Why Play-based Learning?

Why Play-based Learning?
Photo by Soraya Irving from Unsplash

I have a strong belief in learning by doing; that it takes the entire body interacting with and working on an assignment as a whole for a concept to truly be grasped. Call me ‘Artsy Fartsy’ and ‘Hippy Dippy’ if you will, but my classroom functioned primarily off of this core self-truth.

I’m not 100% on the Reggio Emilia train, but there are aspects of it that I greatly respect. For anyone in the teaching world (maybe more so in the ECE realm) there has always been great discussion on teaching the whole child-determining their learning style and developing or modifying your lessons to best suit their needs.

Think about a young child you have in your life. What has stood out to you the most when it comes to the way that they play? Have you ever just sat to listen and observe? You may have noticed a reenactment of something that has occurred in your home, like a mommy cooking dinner and telling her “sweetie” to “Please set the table.” Or maybe it’s an animated conversation between the mommy and daddy about the baby not feeling well. What’s taking place is the processing of information that has been experienced and now played out to help develop relationships to things and people in the world around us. Learning is happening.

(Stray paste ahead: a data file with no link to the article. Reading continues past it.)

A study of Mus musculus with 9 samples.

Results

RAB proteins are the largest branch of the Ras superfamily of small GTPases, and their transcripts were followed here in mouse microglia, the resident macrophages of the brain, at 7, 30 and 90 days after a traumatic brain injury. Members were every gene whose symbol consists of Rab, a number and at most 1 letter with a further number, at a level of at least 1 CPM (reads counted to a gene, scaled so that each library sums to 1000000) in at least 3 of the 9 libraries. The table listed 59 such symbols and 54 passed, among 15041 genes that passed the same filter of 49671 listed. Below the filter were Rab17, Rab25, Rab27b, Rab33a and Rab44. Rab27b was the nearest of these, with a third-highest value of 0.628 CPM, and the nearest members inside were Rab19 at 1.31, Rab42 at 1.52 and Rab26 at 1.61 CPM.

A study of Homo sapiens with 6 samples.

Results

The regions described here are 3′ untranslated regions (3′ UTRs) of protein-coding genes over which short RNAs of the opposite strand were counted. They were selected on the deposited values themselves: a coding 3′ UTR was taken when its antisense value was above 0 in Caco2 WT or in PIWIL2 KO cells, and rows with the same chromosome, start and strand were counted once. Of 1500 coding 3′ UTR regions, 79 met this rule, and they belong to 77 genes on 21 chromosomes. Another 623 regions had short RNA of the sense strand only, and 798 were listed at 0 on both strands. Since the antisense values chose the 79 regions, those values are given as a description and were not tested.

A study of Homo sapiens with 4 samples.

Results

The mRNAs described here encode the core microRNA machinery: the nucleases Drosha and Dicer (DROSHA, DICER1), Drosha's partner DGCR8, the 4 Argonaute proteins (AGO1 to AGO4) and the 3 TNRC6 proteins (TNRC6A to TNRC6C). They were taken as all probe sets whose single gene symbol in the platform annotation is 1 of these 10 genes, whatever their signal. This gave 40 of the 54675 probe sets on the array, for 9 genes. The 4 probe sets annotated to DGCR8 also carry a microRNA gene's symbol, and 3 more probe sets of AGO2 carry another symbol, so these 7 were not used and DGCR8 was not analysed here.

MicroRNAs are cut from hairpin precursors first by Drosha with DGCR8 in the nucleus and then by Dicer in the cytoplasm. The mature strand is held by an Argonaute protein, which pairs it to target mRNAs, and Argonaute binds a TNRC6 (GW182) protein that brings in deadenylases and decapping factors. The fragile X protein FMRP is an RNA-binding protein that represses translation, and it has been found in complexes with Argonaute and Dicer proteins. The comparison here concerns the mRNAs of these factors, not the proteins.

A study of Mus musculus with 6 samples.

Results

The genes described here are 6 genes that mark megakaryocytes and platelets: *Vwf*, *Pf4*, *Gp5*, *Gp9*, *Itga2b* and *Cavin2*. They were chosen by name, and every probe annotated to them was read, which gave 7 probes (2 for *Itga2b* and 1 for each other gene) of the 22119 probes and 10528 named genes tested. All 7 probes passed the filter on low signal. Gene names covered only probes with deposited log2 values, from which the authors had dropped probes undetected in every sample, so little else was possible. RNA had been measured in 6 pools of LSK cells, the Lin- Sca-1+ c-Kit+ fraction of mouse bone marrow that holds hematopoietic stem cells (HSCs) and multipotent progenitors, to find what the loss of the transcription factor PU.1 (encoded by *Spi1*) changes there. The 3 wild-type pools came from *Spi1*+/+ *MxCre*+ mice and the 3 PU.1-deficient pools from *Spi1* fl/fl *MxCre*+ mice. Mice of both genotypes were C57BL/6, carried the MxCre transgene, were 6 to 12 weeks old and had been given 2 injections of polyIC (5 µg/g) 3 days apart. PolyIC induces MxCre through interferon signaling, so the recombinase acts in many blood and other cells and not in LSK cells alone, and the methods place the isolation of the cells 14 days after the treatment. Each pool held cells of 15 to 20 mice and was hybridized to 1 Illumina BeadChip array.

In an article for parent resources by Wonderschool, Play-based learning is described as the following:

“Play-based learning is a type of early childhood education based on child-led and open-ended play.”


The article then goes on to say…

“Play-based learning helps children develop social skills, motivation to learn, and even language and numeracy skills. Taking initiative, focused attention, and curiosity about the world are all a part of play.”


As I watch my little boy grow, I take note of his wonder and eagerness to explore the things he can reach and get his hands on. Whatever it might be will be ran through his little fingers, examined and then chewed on. He is wanting to grasp what the object fully is. I can’t help but reflect upon my own learning style. If I see something with a specific texture I’m either drawn to further study it or repulsed by it entirely. My whole self is receiving information and determining/deciding on an understanding of a particular subject.

Giving a child the freedom to learn naturally opens up a world of opportunities and builds the foundation of a pathway towards a lifetime of love for knowledge.

“Play is essential to development because it contributes to the cognitive, physical, social, and emotional well-being of children and youth.”

American Academy of Pediatrics

Looking for more information on Play-based Learning or the Reggio Emilia Approach?